One of the most prominent northern Democratic supporters of President Reagan's conservative economic and social policies went down to defeat yesterday, as Massachusetts Gov. Edward J. King lost his bid for renomination to former governor Michael S. Dukakis.
On a day of victories for moderates and liberals in many states, Dukakis reversed his 1978 loss to King by a narrow 53-to-47 percent margin. He thanked his supporters for giving him "a second chance," and said his win was "a defeat for Reaganomics" that should be heeded "across the entire country."
Critics of Reagan's arms policies were cheered by the endorsement of a nuclear freeze resolution on the Wisconsin ballot, the first such statewide vote this year.
In another victory for moderates, Sen. Robert T. Stafford (R-Vt.), a target of business and conservative criticism for his championship of environmental legislation, won renomination over two challengers. Former secretary of state James Guest won the Democratic senatorial nomination.
As Stafford used his chairmanship of the Senate Environment and Public Works Committee to advantage, another veteran committee head, House Foreign Affairs Chairman Clement J. Zablocki (D-Wis.), exploited his prestige to turn back a serious primary challenge from state Sen. Lynn Adelman.
The fate of another Capitol Hill veteran, Sen. Howard W. Cannon (D-Nev.) was not clear early today.
Cannon narrowly trailed his younger opponent, Rep. James D. Santini (D-Nev.), in early returns, and led by 140 votes later, with 54 percent of the vote counted. Santini is a "western Boll Weevil," a frequent supporter of Reagan's economic and budgetary policies. The King-Dukakis battle was perhaps the highlight of the busiest primary election day of the year, with voters in 12 states and the District of Columbia picking nominees.
Former Boston city councilman John W. Sears was the winner of a three-way Republican primary to oppose Dukakis in Massachusetts. Dukakis' victory was aided by late campaigning by Sen. Edward M. Kennedy (D-Mass.), who was unopposed for renomination.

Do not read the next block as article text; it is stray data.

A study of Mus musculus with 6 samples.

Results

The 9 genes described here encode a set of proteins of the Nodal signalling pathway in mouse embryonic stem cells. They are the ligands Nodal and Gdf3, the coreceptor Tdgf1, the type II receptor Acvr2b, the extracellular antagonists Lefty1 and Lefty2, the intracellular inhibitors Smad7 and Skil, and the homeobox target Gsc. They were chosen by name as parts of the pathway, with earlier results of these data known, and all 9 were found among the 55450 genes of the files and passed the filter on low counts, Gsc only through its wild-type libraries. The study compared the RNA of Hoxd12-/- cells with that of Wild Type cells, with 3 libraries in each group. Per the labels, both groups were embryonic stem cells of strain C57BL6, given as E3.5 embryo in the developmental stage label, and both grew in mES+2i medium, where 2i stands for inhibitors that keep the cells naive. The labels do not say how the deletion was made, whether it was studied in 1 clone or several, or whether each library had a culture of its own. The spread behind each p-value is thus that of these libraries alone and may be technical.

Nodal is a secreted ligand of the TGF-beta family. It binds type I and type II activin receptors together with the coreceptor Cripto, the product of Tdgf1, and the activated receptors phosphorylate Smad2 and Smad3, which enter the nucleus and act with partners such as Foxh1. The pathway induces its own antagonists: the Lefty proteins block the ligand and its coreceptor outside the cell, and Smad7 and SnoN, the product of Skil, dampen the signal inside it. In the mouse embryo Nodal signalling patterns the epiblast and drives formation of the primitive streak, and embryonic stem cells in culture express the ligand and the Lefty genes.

But others attempting comebacks had less luck. In Minnesota, former governor Rudy Perpich appeared to be losing the Democratic nomination for his old job to state attorney general Warren Spannaus, a political protege of former vice president Walter F. Mondale. Spannaus appeared likely to face Republican businessman Wheelock Whitney, who defeated Lt. Gov. Lou Wangberg, the choice of retiring Republican Gov. Albert H. Quie.
In the Minnesota Senate race, Republican Sen. David F. Durenberger is matched against millionaire Mark Dayton, who easily thwarted the comeback hopes of former senator Eugene J. McCarthy in the Democratic primary.
In Wisconsin, where another governorship was vacated by the retirement decision of Republican incumbent Lee S. Dreyfus, businessman Terry Kohler (R) won the expected GOP primary victory over Lowell Jackson, a Dreyfus cabinet member and an early Reagan supporter.
But in the Democratic primary, former legislator and natural resources administrator Anthony S. Earl was virtually tied with former governor Martin J. Schreiber for the nomination. With the possible exception of the Santini-Cannon race, the victories in most of the contested primaries yesterday went to Democrats and Republicans who were more moderate or liberal than their opponents.
In many cases the winners had the support of labor, liberal and environmental groups in their states. But, as always is the case in primaries, individual appeal, financial support and organizational resources had as much to do with the outcome as any of the issues.